BOWEN COLUMN: Joe DiMaggio and the rest of the story

Published 9:30 am Saturday, May 14, 2022


As I scrolled through the archives, I paused at this piece you are about to read, one about a Hall of Fame baseball player you all know, Mr. Joe DiMaggio. I paused here, of course, because baseball is in full swing, and our Braves and my Astros are setting the tone for a hot summer surge. Well, the Astros are. They’ve won ten in a row at this writing and are hitting their stride. The Braves are kind of floundering around, it seems, but still hovering near the .500 mark. Remember last year they were around .500 when they made those trade deadline deals and took off like a rocket.

As usual, I deviate a bit here, because I’m telling you about this column about the great DiMaggio. When we first wrote it, several Hall of Fame players died one after another:  Joe Morgan, Lou Brock, Yogi Berra, Whitey Ford, Jimmy Wynn. Since then Hank has died, too, so we could have a whole new ‘Field of Dream’ movie with just these players, and, of course, DiMaggio.

Read on, here’s his story, and then some:

I picked up the paper on Saturday morning and read with interest that the 84-year-old Joe DiMaggio continues to startle doctors with his resiliency.  Later the same evening on the television news, I listened with satisfaction that the baseball great had awaken from his coma and was sitting up in bed today, defying those who thought the game for him had ended. It is only now — thirty years after I first encountered the drama I’m about to relate — that I think I really understand the … rest of the story.

I probably wasn’t ten years old when I was first introduced to the following story one sultry Georgia summer afternoon. I jogged over to the fire station by my house to watch the noon “Playhouse Theatre” movie one day, as I often did during the summer since we didn’t have a TV until I hit double digits in age. It was then I encountered the courage of an old man named Santiago in Hemingway’s classic, The Old Man and the Sea.

Quite a story it is: The old man goes out on the boat fishing, the fisherman of notoriously bad luck. He hasn’t caught a fish in more than eighty days. But this day will be different. He gets out to sea and hooks the greatest fish of his life, his greatest accomplishment, a marlin bigger than any fish any Cuban from his village has ever caught.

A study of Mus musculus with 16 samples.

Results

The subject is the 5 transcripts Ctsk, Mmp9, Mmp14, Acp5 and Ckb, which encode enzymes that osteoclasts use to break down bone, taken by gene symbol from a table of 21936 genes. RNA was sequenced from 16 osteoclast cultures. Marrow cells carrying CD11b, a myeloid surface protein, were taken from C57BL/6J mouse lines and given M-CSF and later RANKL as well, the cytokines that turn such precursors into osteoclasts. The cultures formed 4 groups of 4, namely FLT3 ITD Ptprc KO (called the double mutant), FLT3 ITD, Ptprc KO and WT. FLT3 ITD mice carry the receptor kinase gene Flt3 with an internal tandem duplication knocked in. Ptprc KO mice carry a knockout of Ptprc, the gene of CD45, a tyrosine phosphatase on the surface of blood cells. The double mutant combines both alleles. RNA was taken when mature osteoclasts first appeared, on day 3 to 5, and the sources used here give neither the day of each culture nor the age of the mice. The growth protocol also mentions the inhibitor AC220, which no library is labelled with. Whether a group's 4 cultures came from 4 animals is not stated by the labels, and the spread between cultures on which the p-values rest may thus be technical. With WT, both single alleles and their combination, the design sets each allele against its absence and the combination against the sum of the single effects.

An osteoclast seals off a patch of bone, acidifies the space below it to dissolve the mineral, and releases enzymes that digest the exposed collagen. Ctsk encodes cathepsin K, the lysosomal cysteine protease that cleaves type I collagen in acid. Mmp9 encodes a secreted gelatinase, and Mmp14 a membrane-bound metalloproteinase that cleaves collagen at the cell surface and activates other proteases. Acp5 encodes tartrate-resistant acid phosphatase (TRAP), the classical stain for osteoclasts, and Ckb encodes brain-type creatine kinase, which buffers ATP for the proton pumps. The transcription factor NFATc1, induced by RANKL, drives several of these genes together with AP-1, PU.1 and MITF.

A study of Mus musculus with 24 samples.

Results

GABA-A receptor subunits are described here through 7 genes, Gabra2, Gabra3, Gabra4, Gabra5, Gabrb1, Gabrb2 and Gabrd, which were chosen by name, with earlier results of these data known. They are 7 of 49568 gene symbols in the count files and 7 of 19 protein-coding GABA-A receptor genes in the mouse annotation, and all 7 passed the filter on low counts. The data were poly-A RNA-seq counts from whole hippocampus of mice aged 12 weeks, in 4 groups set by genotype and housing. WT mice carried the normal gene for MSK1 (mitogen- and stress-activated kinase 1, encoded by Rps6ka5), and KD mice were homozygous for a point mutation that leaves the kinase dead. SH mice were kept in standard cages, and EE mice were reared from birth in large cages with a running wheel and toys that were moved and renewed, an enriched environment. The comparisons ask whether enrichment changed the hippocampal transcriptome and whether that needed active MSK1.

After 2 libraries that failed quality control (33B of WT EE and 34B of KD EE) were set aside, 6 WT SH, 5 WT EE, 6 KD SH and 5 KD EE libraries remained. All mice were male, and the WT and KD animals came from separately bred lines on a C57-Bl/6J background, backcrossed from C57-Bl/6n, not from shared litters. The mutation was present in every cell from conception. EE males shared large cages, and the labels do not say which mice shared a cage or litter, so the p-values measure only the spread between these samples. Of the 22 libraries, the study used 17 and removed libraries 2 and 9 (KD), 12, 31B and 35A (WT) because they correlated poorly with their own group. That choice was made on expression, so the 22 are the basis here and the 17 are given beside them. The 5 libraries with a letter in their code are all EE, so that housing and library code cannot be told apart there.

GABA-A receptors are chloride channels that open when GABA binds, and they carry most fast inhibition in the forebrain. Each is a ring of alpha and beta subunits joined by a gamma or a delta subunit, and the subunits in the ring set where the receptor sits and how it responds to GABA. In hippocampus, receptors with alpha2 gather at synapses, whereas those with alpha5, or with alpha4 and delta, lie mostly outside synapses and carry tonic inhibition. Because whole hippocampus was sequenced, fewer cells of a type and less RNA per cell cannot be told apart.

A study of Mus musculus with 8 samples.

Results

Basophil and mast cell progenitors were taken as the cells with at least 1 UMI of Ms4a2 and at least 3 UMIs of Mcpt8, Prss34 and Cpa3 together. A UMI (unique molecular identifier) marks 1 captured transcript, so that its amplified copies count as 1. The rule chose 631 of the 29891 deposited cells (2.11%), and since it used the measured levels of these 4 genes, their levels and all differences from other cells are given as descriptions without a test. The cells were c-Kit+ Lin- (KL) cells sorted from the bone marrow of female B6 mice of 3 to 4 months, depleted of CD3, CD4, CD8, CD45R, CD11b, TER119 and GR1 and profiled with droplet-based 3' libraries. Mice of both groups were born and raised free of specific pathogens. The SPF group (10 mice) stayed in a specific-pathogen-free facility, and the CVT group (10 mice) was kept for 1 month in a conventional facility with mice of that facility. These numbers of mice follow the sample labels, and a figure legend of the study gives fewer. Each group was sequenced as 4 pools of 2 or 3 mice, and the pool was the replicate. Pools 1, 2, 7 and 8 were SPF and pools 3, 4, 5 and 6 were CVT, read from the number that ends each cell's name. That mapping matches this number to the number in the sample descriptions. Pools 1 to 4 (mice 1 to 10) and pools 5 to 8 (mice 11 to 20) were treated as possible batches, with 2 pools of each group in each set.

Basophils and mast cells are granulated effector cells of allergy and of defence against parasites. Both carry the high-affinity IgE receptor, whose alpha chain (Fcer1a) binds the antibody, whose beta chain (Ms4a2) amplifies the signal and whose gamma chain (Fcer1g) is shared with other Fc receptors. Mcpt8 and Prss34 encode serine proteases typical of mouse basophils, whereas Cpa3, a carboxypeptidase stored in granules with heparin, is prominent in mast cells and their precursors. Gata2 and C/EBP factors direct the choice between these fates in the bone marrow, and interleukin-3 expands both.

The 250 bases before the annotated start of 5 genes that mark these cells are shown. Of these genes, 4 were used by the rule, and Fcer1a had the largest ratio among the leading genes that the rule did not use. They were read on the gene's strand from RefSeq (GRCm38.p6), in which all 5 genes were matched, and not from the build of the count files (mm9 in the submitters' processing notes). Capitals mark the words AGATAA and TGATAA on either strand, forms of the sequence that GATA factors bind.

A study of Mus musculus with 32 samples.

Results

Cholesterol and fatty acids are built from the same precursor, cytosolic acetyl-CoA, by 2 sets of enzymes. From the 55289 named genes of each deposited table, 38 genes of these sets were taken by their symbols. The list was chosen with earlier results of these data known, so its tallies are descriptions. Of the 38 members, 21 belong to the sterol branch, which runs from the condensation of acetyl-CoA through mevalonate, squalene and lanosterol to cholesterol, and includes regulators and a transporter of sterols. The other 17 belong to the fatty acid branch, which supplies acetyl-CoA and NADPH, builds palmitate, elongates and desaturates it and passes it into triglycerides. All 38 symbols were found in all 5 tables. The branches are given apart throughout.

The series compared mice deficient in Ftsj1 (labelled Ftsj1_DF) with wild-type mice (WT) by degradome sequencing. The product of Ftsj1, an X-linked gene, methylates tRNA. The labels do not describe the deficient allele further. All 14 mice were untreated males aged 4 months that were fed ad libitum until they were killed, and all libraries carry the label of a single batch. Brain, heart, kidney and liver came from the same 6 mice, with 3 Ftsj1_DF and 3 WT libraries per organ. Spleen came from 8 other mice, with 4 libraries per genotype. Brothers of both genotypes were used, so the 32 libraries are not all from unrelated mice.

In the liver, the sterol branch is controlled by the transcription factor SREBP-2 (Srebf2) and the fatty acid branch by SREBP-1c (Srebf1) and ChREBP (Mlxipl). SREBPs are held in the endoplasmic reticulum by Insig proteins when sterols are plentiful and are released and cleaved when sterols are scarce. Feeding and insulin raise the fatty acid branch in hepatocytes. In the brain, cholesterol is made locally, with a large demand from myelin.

But the fish is too big for the old man, Santiago. It pulls the old man further and further out to sea, controlling him as some men’s dreams do them. You understand.

For a biblical three days and nights the old man fights the great marlin. When his body and spirit’s weariness cause him to relax and rest, the fish runs with the hook in its mouth; and the line that the old man holds tears rapidly through his hands, cutting and piercing hands now tattered and raw. Clearly, there is an allusion there to the greatest man who ever lived.

The old man’s back is bent and tired; the sun, beating upon his brow, has blistered his face and drained his strength. The discouragement from within and the pain from without take their toll on the man with mala suerte — bad luck. But this Santiago has a special strength about him — that’s the great point of the story.  He is not easily deterred; he is not one to give up.  He gains his strength from deep within, thinking, among other things, of lions on the beaches — a mental imagery that serves as a tranquilizer for his pain.

Hemingway describes the old man’s resiliency in this famous quotation:

“A man may be destroyed but not defeated.”

I have spent many hours discussing that concept with a class full of young and eager teenagers.

As long as he doesn’t fall out of the race — As long as he doesn’t succumb to the pain and give up the battle — he can prevail. He can win. He may be beaten down and destroyed physically, but he will not be defeated mentally.

Again, you understand.

Something else Santiago thinks about besides the lions on the beach. Something else gives the old man courage and stamina when he grows so tired physically. He thinks about a baseball player who is the epitome of toughness, whose fifty-six-game hitting streak in 1941 still stands as a symbol of mental stamina. The player Santiago thinks of is one who played on through the grueling pain of bone spurs without ever giving in.

At this moment, this same player is fighting a battle for life against a serious lung disease.  And he fights so valiantly and long that the doctors are amazed, amazed that he could be so destroyed but not defeated. Ah, you already know, don’t you, that when Santiago’s back and hands ache and his will grows weak that he thinks about one of baseball’s greatest, a man of courage who’s trying to keep that hitting streak alive for one more day, one more game.

Yes, the great Joe DiMaggio. And that is the rest of the story, just as it was told in December 1998. P.S. Braves fans, hang in there, now you know that it’s not over ‘til it’s over. Maybe if we hang on we can have another Braves-Astros Series in 2022, which is great if for no other reason than the Dodgers and Yankees would be nowhere to be found. That’s reason enough to not give up, right!